A 110-year-old heritage structure in the heart of Hyderabad, which had once served as a choultry for tourists coming from far off places, is all set to be demolished to pave way for a modern multi-storeyed guest house.
The heritage structure, Tipu Khan Sarai, popularly known as Nampally Sarai, located right in front of Nampally railway station closer to the state assembly building, is now being converted into a transit dorm, exclusively for women travellers coming to city from various parts of the state.
A senior official of the Greater Hyderabad Municipal Corporation (GHMC) familiar with the development said Nampally Sarai, which was completely in a dilapidated condition, would be demolished.
“The GHMC, in coordination with the Hyderabad police department, has proposed to construct of a five-storeyed 400-room rest house for women under the Safe City project sanctioned by the Central government,” he said. The plan is expected to be finalized at the GHMC standing council meeting to be held on December 18.
Hyderabad was among the eight cities in the country chosen by the Centre in 2018 for taking up various initiatives for the safety and security of women in public places, the other cities being Ahmedabad, Bengaluru, Chennai, Delhi, Kolkata, Lucknow and Mumbai.
An amount of ₹282 crore had been sanctioned for the construction of two transit dorms in the city, one at Nampally Sarai and other at Secunderabad, to provide women travellers a safe place to stay when in Hyderabad, the official said.
Heritage conservationists, however, are crying foul over the proposed demolition of Nampally Sarai, which was given the heritage structure status in 2012. “It is very unfortunate that such a wonderful structure, is being razed after being neglected for decades by the successive governments. The present Telangana government, too, is showing more interest in demolishing the heritage structures rather than preserving the same,” said Hyderabad heritage activist Sajjad Shahid.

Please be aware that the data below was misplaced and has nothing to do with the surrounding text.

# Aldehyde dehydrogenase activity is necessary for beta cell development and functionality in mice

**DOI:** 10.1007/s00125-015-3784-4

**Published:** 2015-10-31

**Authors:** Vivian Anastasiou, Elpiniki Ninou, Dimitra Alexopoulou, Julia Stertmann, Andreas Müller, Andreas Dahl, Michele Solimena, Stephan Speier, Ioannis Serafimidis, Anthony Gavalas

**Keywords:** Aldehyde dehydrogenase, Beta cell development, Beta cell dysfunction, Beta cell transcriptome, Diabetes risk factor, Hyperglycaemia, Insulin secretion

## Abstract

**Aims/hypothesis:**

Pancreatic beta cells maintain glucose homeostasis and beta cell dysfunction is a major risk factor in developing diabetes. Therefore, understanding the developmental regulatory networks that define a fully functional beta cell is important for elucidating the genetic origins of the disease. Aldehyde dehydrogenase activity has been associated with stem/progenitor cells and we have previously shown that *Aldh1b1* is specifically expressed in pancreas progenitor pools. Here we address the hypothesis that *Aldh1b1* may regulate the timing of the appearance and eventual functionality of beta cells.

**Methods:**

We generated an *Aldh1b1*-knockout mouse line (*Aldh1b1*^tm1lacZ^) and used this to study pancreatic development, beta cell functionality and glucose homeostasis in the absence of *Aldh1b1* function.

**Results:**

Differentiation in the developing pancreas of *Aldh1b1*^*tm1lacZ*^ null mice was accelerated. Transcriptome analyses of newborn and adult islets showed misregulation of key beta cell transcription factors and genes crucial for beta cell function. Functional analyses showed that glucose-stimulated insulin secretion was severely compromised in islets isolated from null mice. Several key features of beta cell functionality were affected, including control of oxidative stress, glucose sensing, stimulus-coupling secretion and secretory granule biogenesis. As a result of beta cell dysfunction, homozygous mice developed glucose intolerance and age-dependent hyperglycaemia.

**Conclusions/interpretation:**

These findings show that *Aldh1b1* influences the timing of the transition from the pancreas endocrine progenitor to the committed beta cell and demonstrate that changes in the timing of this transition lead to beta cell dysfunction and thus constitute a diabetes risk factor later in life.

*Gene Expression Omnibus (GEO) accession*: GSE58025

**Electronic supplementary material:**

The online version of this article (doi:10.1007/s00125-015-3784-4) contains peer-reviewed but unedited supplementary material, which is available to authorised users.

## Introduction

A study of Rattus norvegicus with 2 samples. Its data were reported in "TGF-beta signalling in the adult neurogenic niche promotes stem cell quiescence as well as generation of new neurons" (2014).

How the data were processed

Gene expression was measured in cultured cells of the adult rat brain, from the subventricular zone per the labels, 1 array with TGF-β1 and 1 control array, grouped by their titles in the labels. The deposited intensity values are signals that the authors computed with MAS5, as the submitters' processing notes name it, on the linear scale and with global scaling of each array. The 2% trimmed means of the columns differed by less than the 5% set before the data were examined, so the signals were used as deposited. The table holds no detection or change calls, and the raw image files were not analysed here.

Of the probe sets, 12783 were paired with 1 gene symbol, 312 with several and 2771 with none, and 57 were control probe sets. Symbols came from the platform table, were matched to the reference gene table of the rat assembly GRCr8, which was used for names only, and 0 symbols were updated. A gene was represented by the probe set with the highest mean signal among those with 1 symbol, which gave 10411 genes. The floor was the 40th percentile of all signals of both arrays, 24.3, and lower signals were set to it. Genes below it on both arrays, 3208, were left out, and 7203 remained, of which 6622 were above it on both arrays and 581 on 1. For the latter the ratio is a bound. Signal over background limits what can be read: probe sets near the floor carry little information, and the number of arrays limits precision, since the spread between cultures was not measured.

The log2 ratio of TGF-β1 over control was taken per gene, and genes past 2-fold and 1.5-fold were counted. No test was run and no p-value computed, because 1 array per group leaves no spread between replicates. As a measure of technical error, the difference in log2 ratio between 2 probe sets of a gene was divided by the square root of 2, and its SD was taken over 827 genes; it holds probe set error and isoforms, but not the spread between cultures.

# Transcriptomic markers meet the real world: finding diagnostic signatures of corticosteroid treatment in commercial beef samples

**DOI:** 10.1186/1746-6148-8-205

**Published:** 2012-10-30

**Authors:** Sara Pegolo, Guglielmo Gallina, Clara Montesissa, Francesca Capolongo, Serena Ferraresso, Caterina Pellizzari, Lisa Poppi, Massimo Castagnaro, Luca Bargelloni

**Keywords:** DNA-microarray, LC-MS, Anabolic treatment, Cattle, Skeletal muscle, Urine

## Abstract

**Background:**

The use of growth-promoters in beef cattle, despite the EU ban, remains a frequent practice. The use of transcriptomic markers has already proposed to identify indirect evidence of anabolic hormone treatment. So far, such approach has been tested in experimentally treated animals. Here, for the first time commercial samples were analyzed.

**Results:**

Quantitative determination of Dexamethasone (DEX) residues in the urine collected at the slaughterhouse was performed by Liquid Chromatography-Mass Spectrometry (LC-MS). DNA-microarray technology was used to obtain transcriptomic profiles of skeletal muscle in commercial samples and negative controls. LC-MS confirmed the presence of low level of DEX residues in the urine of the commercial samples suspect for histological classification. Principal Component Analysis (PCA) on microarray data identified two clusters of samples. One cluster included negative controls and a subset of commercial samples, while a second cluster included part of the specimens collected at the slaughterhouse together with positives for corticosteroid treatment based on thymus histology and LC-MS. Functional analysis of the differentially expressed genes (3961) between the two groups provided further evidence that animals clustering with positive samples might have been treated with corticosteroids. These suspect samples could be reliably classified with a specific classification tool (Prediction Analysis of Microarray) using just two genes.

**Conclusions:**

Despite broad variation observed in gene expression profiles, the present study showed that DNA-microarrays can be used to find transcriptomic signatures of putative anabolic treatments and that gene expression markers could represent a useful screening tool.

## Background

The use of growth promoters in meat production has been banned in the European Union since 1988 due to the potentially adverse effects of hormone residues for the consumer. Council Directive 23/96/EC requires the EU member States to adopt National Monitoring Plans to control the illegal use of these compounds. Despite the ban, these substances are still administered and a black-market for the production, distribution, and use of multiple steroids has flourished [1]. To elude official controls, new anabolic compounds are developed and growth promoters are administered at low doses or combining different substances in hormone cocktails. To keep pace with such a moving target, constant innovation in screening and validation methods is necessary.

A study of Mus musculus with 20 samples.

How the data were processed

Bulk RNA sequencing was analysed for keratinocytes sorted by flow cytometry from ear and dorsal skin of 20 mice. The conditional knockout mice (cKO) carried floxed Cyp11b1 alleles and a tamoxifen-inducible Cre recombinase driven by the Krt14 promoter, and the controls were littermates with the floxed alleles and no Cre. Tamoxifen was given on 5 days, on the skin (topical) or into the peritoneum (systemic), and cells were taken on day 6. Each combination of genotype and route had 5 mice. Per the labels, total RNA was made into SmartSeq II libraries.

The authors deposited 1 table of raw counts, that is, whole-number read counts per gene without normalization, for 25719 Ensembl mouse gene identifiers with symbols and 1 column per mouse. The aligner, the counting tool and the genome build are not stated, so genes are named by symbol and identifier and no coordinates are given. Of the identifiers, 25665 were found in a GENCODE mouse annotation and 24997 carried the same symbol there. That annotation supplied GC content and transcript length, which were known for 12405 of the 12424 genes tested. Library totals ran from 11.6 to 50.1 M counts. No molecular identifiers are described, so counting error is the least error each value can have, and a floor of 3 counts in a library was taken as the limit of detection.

Convenor of Indian National Trust for Art and Cultural Heritage (INTACH) Hyderabad chapter Anuradha Reddy said before taking up any such demolition of the heritage structure, the authorities have to consult the INTACH. “But the government has not taken any suggestions from us,” she said.
She said there had been no maintenance of the building and nobody cared when a part of the building collapsed due to heavy rains in October 2019. In fact, the building was handed over to the Hyderabad Metro Rail Limited authorities for construction of an overhead station, linking it with Nampally railway station, but later, the proposal was dropped due to protests.
Built in a sprawling area of more than an acre of land in 1910 by Nawab Tipu Khan, a high ranking official working for Mir Mahabub Ali Khan, the sixth Nizam, the Nampally Sarai, originally called Sulah Sarai (a peaceful resting place) was used as a rest house for travellers to Hyderabad.
“It was providing free stay and sumptuous food for all the guests for three days. It used to cater to people of all walks of life, irrespective of caste or creed. Even those travelling to Haj, Nampalli Sarai used to provide accommodation,” Anuradha Reddy said.
In 1948, after the Nizams merged Hyderabad with Indian Union, the Nampally Sarai was used as a state guest house by the Andhra Pradesh government. But subsequently, it was abandoned and since then, has been in a state of neglect, she said.
Principal secretary (urban development) Arvind Kumar, who has been showing keen interest in restoring the heritage structures in the city, could not be reached for a comment.